2010 December 08 Wednesday
IED Attacks In Afghanistan Up Sharply

The surge of US troops into Afghanistan has been accompanied by a surge in damage from improvised explosive devices.

Between June 2009 and 2010, insurgents’ use of improvised explosive devices, or IEDs, rose by 22 percent. More worrying, say senior US military officials, is that the rate of effective attacks – in other words, bombs that result in injuries to NATO troops or Afghan civilians – has increased 45 percent.

Get this: The Afghans are too primitive to make IEDs that are easy to detect. They do not have the metal needed to make IEDs that military sensor systems could detect.

Afghanistan also has such a high birth rate that the Taliban can replace its losses with plenty teenagers coming of age.

Meanwhile even those not killed or externally injured by IEDs are coming back with brain damage in large numbers. Alas, these are not even the biggest costs of empire.

Share |      By Randall Parker at 2010 December 08 05:51 PM  MidEast Afghanistan

Wolf-Dog said at December 10, 2010 9:20 PM:

>>Get this: The Afghans are too primitive to make IEDs that are easy to detect.
>>They do not have the metal needed to make IEDs that military
>>sensor systems could detect.

Get this: Even the notorious Russian cruelty wasn't enough to defeat Afghanistan.

Here is a list of Afghan casualties:
Estimates of the Afghan deaths vary from 1 million[90] to 2 million.[91] 5-10 million Afghans fled to Pakistan and Iran, 1/3 of the prewar population of the country. Another 2 million Afghans were displaced within the country. In the 1980s, half of all refugees in the world were Afghan.[92]
Along with fatalities were 1.2 million Afghans disabled (mujahideen, government soldiers and noncombatants) and 3 million maimed or wounded (primarily noncombatants).[93]

Despite all that destruction, Russia was defeated because they tried to keep the place occupied.

But in the case of the US, what was the goal? Surely we did not expect to make the Afghans capitalist atheists (instead of making them communist atheists, as the Russians tried). All we wanted was to prevent Al Qaeda from using that territory as a base. Other methods, such as intense aerial bombardment to destroy the poppy fields and many other places, would have been far cheaper, and far more convincing for Taliban to kick out the Al Qaeda.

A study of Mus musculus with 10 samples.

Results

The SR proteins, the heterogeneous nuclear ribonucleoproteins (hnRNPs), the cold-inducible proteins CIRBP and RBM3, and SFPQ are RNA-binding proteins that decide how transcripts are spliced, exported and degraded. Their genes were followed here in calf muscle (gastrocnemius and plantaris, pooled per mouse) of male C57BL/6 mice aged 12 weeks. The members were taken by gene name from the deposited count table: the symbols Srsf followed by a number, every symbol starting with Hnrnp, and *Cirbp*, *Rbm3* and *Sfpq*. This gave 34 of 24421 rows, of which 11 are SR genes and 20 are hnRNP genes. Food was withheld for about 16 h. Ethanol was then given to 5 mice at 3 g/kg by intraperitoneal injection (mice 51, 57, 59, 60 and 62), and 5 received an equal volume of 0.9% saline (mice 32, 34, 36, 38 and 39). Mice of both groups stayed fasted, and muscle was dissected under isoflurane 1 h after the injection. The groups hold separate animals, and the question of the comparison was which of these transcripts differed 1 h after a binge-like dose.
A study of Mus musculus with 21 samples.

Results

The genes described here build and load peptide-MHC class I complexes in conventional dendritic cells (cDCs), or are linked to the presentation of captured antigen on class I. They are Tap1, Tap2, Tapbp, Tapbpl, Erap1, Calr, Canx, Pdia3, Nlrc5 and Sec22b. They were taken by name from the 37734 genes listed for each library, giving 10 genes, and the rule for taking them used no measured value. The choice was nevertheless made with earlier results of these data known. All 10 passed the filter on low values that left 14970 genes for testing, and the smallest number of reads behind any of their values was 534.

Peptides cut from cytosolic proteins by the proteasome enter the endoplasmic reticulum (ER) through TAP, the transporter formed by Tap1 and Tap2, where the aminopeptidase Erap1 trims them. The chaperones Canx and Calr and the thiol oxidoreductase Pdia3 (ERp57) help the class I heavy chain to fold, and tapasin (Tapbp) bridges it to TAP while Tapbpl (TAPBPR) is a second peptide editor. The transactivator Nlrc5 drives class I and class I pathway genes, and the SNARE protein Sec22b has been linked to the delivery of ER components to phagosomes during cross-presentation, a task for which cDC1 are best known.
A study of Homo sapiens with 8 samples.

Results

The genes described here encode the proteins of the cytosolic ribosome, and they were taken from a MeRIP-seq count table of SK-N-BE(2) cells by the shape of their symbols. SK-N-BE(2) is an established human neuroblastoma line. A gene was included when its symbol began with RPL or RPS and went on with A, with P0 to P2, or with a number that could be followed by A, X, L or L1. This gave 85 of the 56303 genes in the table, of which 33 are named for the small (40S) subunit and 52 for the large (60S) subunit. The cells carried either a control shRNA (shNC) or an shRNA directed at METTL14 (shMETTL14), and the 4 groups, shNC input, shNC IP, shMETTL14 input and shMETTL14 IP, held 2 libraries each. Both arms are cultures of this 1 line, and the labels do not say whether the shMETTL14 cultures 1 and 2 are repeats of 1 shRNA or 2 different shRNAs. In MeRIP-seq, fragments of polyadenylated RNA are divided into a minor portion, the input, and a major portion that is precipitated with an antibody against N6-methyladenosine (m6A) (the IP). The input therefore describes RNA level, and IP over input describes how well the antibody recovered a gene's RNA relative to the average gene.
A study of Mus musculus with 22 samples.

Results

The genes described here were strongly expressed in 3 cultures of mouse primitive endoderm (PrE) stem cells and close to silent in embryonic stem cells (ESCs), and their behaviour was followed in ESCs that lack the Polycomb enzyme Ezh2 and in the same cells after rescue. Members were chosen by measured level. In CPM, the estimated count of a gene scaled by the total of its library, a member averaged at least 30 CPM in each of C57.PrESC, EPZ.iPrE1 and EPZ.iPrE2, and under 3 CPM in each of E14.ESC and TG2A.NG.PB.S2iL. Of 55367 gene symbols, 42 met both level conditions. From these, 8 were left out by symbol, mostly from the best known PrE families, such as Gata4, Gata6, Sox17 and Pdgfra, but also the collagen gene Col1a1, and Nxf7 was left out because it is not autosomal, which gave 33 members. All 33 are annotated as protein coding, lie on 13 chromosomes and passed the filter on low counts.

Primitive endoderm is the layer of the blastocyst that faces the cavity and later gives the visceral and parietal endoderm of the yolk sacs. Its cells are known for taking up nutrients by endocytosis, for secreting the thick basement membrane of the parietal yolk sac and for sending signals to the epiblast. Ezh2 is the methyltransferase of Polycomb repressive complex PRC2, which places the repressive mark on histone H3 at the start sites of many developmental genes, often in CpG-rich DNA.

Trent Telenko said at December 17, 2010 11:51 AM:


1) The huge increase in Afghan IED attacks is due to the increase in resupply convoys on a small road net. More troops need more supplies and Afghanistan doesn't have the fuel logistical infrastructure for the American military to make all the resupply aircraft (mainly helicopter) based.

2) A surge in _Damage_ is not a surge in the _casualty rate_. The usual measure of this is % of deaths and wounds per 1000 per combat day. The last I saw at strategypage.com, were were at less than 1/3 Vietnam's rates and falling, thanks to things like the light MRAP armored trucks.

3) The non-metal content of Afghan IEDs is based on two facts; a. There isn't 150,000 tons of unused artillery ammunition littering the Afghan countryside like in Iraq, and b. The American military has made getting even nitrate based fertilizers for ANFO bombs hard to come by.

4) There was more PTSD/combat fatigue in WW2 and Vietnam that today. We are much better at a. Avoiding casualties through better skill, b. Saving lives of those wounded and c. How we fight has changed even apart from better tactical skills.

American forces no longer use huge barrages of artillery and bombs that cause sub-concussion organic brain injuries we are now diagnosing with MRI technology. We have effectively replaced hundreds of shells and bombs with JDAM and Excalibur smart weapons. Two orders of magnitude fewer big bangs mean far fewer organic brain injuries.

This is a large reason why we have combat soldiers who are still effective after 600 to 800 days in combat compared to the 200 to 250 days of a WW2 GI.

Audacious Epigone said at December 19, 2010 4:01 PM:

Yes, it is definitely worth reiterating that the median age of an Afghan is a pinch under 18. Half of Afghanistan's populous would be considered minors in the US.